In the late 1960's and early 1970's there was a genre of films I am dubbing 'hell in a handbasket' films. These are films that take place in a large city where it looks like everything is coming apart at the seams. Usually this city is New York city, but it can be London, Los Angeles, or others. Usually in these films there's a put upon middle age white guy who's at the end of his rope and who wants to get out of the hellish city with his woman, she's usually not his wife and she is usually much younger than he is, but he eventually sees the value in trying to pull everything back together, or he's the only thing who can save the whole place from falling apart so he resigns himself to fate and he sacrifices himself for humanity by staying in the hellscape city so that others may flee or that others may simply live. These films are still made from time to time but they reached their zenith in the late '60's early '70's when it seemed like the world was coming apart due to the anti war protests, the women's rights movement, the genesis of the LGBTQ rights movement, and the flowering of all the ethnic pride movements.
I watched one of the hallmark films of this genre the other night on Netflix:
George C. Scott plays the head doctor at a major hospital in NYC that's beset with all manner of protesters, over run with people seeking medical care, layers of bureaucracy that is hamstringing all the virtuous medical staff, and on top of everything else, he's dealing with his impotence and a serial killer that's roaming the halls of his hospital. So how does he deal with all this shit? He turns to drink, as did most of the heroes of this genre of film, but he's also seriously contemplating suicide.
Into his life comes a super sexy young and firm Diana Rigg. She plays the daughter of a man who is allegedly in a coma due to the inept machinations of some interns. Scott and she hook up, well 'hook up' is too nice a term for what they do because he actually rapes her in his office and he even admits that he raped her after they spend the night together after the initial rape. But Rigg's character is cool with getting raped by a man twice her age because she gets all hot and bothered by middle age dudes with limp dicks because she's got daddy issues. And after they spend the night together after some Daniel Tosh approved raping, she confesses she's in love with Scott even though she's only known him for about 12 hours, part of which she was raped during. Turns out Scott knows a good thing when he sees it because he's in love with her too. Hell, who wouldn't be, Ms. Rigg was outstandingly hot back in 1970 when they shot this movie.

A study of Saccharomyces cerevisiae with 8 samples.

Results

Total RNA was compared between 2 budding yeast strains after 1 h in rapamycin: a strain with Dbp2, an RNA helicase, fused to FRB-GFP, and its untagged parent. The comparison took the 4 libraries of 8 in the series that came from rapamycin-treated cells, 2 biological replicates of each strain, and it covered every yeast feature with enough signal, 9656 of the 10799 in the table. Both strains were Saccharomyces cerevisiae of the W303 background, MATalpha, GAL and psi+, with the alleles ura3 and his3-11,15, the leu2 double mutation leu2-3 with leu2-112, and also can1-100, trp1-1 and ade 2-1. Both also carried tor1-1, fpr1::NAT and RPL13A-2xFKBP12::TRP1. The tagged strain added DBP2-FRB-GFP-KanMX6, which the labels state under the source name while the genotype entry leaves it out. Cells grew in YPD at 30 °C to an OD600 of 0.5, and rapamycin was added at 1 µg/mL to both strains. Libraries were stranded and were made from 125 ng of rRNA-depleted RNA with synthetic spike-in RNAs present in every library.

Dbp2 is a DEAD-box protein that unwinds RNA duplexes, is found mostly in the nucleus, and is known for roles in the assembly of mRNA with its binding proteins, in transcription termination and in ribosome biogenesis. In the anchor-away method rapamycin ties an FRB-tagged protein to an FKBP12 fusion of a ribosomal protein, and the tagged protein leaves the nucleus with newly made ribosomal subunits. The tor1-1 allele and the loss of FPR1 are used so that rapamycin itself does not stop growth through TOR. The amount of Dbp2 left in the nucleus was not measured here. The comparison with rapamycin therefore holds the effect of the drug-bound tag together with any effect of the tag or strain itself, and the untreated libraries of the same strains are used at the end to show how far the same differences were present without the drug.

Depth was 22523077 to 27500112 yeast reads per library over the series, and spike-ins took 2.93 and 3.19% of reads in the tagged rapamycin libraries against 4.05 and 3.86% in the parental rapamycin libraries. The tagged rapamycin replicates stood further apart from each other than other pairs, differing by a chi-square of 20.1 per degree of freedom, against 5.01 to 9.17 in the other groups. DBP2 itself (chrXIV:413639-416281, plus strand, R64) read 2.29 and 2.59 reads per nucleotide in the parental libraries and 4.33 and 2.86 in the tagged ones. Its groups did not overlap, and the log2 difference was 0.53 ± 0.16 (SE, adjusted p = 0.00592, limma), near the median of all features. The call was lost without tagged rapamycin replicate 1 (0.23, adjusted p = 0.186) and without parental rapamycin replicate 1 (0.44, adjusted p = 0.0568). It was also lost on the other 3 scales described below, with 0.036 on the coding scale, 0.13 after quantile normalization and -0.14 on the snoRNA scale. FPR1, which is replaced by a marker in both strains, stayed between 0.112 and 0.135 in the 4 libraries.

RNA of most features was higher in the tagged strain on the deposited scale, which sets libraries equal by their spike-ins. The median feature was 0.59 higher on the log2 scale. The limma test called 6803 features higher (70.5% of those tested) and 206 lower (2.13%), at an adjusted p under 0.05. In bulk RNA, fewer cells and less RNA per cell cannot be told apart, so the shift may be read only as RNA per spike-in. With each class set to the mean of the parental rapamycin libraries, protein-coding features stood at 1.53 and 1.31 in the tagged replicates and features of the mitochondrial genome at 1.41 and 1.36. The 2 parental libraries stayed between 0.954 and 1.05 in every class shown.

After all the sexing goes down they, Scott and Rigg, solve all the murders and decide to scamper off to Mexico where they can rape one another with impunity and do some fancy doctoring on the native Mexicans who for whatever reason have no doctors of their own which is why they need a ton of rapey doctors from the USA to come live in their country. But on the way out Scott has a change of heart and he knows that unless he stays, the whole hospital will go to hell in a handbasket, so he heroically sends Rigg off to Mexico so he can use his middle age white guy powers for the good of all the little people.
This film isn't bad, it's actually pretty good once you get past the rapes, the bad 1970's hair, the intrusive soundtrack, the hand held camera shaking 'you are there' style of film making, and the stereotypical characters who love to repeat themselves, and the over acting by George C. Scott.
There's a ton of people in this movie and many of them went on to bigger and better things. In uncredited cameos are Dennis Dugan, Stockard Channing, and I swear I think I saw Dick Van Patton as an intern. Nancy Marchand is in this film and she must have been about 30 and boy was she a knock out. Francis Sternhagen is in this film and I had no idea she was a red head originally. There's too many more to mention because this movie literally has a cast of thousands.
Like I said, it's not bad but it's not that great either. It's like they set out to make a sprawling Robert Altman like urban film but they forgot to hire Robert Altman to direct it and so they just ended up with a noisy sweaty movie that wants to be something more than it is but it doesn't quite get there. All in all though, if you're a fan of '70's cinema or the 'hell in a handbasket' quasi dystopian films, then by all means check it out.